DO WE need a Boris Johnson in North Devon?
I have to ask because I can't quite make up my mind whether he's barking mad or verging on genius – although I suppose the two aren't mutually exclusive.
But there's no doubt the London mayor keeps the capital firmly in the spotlight. And if an area needs the oxygen of publicity, then he's your man.
His latest cunning plan to lure Chinese students to study in London is to hint they could end up romantically involved with Harry Potter.
In a speech to students at Peking University, Boris asked: "Who was Harry Potter's first girlfriend? Who is the first person he kisses? That's right, Cho Chang, who is a Chinese overseas student at Hogwarts School. Ladies and gents, I rest my case."
Then he asked where Harry caught his trains to Hogwarts.
"King's Cross, absolutely right. Which is where? London."
He continued: "Where does Harry Potter buy his uniform and his wand and stuff like that and his books? I think it's in Diagon Alley which is in London.
"Where is the location of the Ministry of Magic? London."
I hesitate to mention that Harry, Hogwarts and the overnight train are fictional creations of JK Rowling and students have as much chance of ending up with him as they have of Boris willingly handing over the office of mayor to Ken Livingstone, but his comments have gone around the world.
Now, Petroc, perhaps you could lure a few more students to Barnstaple by sending out an ambassador to hint that Damien Hirst might use them in one of his art installations – encrusted in diamonds rather than cut in half and put in a tank, obviously.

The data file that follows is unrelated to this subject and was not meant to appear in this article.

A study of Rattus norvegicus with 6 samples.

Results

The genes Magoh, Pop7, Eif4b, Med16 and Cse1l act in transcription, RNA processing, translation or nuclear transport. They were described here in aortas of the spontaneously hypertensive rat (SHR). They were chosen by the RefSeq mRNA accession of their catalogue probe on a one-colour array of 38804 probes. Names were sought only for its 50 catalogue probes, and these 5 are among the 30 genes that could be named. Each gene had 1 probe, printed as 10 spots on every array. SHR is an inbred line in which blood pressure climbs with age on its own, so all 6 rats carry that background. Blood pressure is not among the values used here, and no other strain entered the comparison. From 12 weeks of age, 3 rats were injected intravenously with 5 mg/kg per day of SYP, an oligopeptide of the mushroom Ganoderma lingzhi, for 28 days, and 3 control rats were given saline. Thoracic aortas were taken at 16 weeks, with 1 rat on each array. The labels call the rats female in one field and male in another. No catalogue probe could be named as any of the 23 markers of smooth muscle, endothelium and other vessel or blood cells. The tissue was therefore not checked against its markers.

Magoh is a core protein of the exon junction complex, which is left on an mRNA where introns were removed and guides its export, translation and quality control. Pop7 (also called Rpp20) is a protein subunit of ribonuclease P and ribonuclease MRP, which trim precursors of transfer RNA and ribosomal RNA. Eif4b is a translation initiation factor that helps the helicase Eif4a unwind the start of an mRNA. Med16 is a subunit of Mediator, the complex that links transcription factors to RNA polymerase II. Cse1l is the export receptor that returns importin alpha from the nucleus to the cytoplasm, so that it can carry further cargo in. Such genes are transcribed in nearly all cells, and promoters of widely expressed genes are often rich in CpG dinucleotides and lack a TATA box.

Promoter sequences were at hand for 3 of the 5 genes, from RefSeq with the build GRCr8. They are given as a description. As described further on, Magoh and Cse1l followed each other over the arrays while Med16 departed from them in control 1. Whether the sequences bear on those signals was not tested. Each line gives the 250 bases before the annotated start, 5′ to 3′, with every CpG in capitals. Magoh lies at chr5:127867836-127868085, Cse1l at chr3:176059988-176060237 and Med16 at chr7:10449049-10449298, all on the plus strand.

Or perhaps you could tell them they could join the Parkham Pirates and swashbuckle their way around North Devon's stunning coast.
As for Boris, hopefully he's making a better impression than he did at the Olympic Games held in Beijing in 2008.
At the ceremonial passing of the Olympic flag from China to the UK, he managed to insult the entire country by saying: "I say this respectfully to our Chinese hosts, who have excelled so magnificently at ping-pong. Ping-pong was invented on the dining tables of England in the 19th century and it was called wiff-waff."
I WAS chatting to a friend the other day. He's not in the first flush of youth and was reminiscing about his time in the Army while doing National Service, which ended in 1960.
He's a lovely chap – quiet, modest and totally law-abiding. But it seems not all his Army friends were quite so well-behaved.
One had worked out a clever wheeze for travelling free on the trains. He'd wait until someone went to the lavatory and then shout authoritatively outside the door: "Tickets, please!"
The poor person inside would almost always obligingly pass a ticket under the door.
Another Devon lad who worked in the camp butcher's was pinching the steak to sell to butchers in the town.
One day the commanding officer, taking a tour of the abattoir, asked him: "Why do we never get steak for dinner?"
He quickly replied, in tone which implied the CO should know better: "These, sir, are the wrong sort of bullocks."
The CO walked on, satisfied with the answer.